Health Editor’s Note: WHO states that everyone should wear cloth masks in public and those at high risk (immune disorder, cancer treatments, etc.) should wear surgical masks when in crowded conditions or when unable to maintain physical distancing of at least 6 feet. Whether or not masks are worn, continued hand washing, prevention of human to human contact, physical distancing, infection prevention and control should be used. Do not touch your face without first thoroughly washing your hands with soap and water…..Carol
Advice on the use of masks in the context of COVID-19
The use of masks is part of a comprehensive package of the prevention and control measures that can limit the spread of certain respiratory viral diseases, including COVID-19. Masks can be used either for protection of healthy persons (worn to protect oneself when in contact with an infected individual) or for source control (worn by an infected
individual to prevent onward transmission).
However, the use of a mask alone is insufficient to provide an adequate level of protection or source control, and other personal and community level measures should also be
adopted to suppress transmission of respiratory viruses. Whether or not masks are used, compliance with hand hygiene, physical distancing and other infection prevention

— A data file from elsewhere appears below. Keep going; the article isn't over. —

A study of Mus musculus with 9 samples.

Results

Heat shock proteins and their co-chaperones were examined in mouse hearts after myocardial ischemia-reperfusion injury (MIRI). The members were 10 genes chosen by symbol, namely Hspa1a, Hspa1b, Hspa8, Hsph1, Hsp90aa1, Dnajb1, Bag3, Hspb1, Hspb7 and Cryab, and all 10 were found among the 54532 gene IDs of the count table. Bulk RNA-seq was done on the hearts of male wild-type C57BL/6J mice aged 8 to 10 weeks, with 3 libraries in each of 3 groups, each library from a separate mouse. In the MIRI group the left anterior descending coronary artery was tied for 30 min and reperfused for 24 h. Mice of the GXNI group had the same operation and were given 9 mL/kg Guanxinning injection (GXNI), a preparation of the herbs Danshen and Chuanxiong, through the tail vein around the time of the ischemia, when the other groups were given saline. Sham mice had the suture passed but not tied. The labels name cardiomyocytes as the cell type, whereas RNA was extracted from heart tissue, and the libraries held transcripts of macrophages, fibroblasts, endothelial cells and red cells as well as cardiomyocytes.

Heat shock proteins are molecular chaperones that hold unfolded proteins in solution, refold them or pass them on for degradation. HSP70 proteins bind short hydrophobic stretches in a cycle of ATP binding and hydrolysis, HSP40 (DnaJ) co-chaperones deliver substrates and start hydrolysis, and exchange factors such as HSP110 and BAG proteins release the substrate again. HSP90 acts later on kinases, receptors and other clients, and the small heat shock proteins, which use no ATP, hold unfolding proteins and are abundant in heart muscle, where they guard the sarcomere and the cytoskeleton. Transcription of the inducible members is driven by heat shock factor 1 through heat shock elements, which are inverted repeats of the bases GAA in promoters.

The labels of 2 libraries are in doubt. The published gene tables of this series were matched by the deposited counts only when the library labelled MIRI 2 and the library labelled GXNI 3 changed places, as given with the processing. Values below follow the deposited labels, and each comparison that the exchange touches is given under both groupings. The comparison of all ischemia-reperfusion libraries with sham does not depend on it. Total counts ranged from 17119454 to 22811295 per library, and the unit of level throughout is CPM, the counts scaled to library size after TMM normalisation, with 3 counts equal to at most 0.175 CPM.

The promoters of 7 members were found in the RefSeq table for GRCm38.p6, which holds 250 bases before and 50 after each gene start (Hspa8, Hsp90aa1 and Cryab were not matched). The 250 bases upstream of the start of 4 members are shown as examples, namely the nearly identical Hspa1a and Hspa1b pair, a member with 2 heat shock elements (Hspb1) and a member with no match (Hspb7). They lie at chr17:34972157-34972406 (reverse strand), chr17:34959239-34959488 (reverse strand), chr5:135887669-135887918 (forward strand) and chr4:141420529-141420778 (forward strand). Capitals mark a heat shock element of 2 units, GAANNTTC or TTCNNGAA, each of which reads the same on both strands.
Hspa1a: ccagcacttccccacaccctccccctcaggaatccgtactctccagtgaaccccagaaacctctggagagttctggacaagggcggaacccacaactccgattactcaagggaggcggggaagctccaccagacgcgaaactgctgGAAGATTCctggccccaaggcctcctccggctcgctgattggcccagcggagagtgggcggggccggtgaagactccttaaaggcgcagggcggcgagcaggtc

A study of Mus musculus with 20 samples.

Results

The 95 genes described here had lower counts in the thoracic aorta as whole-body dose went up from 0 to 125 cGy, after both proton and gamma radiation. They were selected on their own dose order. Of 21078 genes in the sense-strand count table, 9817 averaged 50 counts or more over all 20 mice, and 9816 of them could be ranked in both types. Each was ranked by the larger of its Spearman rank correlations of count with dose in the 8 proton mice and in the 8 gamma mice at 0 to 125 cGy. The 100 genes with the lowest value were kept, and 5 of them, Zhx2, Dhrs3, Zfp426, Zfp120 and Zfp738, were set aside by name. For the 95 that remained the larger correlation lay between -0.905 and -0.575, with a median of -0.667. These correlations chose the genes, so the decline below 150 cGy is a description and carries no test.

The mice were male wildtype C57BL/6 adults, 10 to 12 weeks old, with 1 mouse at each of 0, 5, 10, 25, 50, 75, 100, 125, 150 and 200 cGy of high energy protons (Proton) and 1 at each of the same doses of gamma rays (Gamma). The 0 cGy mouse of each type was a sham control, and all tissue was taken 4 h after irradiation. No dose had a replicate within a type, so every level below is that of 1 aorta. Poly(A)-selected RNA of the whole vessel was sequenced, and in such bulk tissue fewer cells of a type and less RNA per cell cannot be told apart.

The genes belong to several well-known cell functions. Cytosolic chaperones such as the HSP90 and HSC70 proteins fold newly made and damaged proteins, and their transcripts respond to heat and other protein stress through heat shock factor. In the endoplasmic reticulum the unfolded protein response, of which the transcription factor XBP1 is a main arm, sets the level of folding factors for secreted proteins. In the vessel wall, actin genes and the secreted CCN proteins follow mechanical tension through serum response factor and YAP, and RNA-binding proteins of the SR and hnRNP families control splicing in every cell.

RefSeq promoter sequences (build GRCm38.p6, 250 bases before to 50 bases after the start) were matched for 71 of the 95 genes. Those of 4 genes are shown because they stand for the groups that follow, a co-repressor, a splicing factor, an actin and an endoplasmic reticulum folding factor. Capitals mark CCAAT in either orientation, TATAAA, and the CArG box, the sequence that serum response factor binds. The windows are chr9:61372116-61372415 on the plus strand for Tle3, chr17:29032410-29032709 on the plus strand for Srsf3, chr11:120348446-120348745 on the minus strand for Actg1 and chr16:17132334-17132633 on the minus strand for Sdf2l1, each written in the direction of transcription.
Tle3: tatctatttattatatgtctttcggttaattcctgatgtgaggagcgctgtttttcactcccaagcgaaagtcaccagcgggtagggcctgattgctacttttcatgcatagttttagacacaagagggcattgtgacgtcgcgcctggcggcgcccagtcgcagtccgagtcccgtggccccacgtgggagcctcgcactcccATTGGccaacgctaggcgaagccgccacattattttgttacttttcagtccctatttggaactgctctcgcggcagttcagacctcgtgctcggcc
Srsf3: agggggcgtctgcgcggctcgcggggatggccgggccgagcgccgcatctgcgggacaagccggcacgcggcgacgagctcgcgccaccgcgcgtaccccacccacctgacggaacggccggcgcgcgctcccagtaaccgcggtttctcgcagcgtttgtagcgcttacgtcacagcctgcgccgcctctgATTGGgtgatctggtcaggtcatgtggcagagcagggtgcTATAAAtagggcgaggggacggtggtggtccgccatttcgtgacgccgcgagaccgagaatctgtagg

and control (IPC) measures are critical to prevent human-to human transmission of COVID-19.
This document provides information and guidance on the use of masks in health care settings, for the general public, and during home care. The World Health Organization (WHO) has developed specific guidance on IPC strategies for health care settings (2), long-term care facilities (LTCF) (3), and home care (4.)
Carol graduated from Riverside White Cross School of Nursing in Columbus, Ohio and received her diploma as a registered nurse. She attended Bowling Green State University where she received a Bachelor of Arts Degree in History and Literature. She attended the University of Toledo, College of Nursing, and received a Master’s of Nursing Science Degree as an Educator.
She has traveled extensively, is a photographer, and writes on medical issues. Carol has three children RJ, Katherine, and Stephen – one daughter-in-law; Katie – two granddaughters; Isabella Marianna and Zoe Olivia – and one grandson, Alexander Paul. She also shares her life with her husband Gordon Duff, many cats, and two rescues.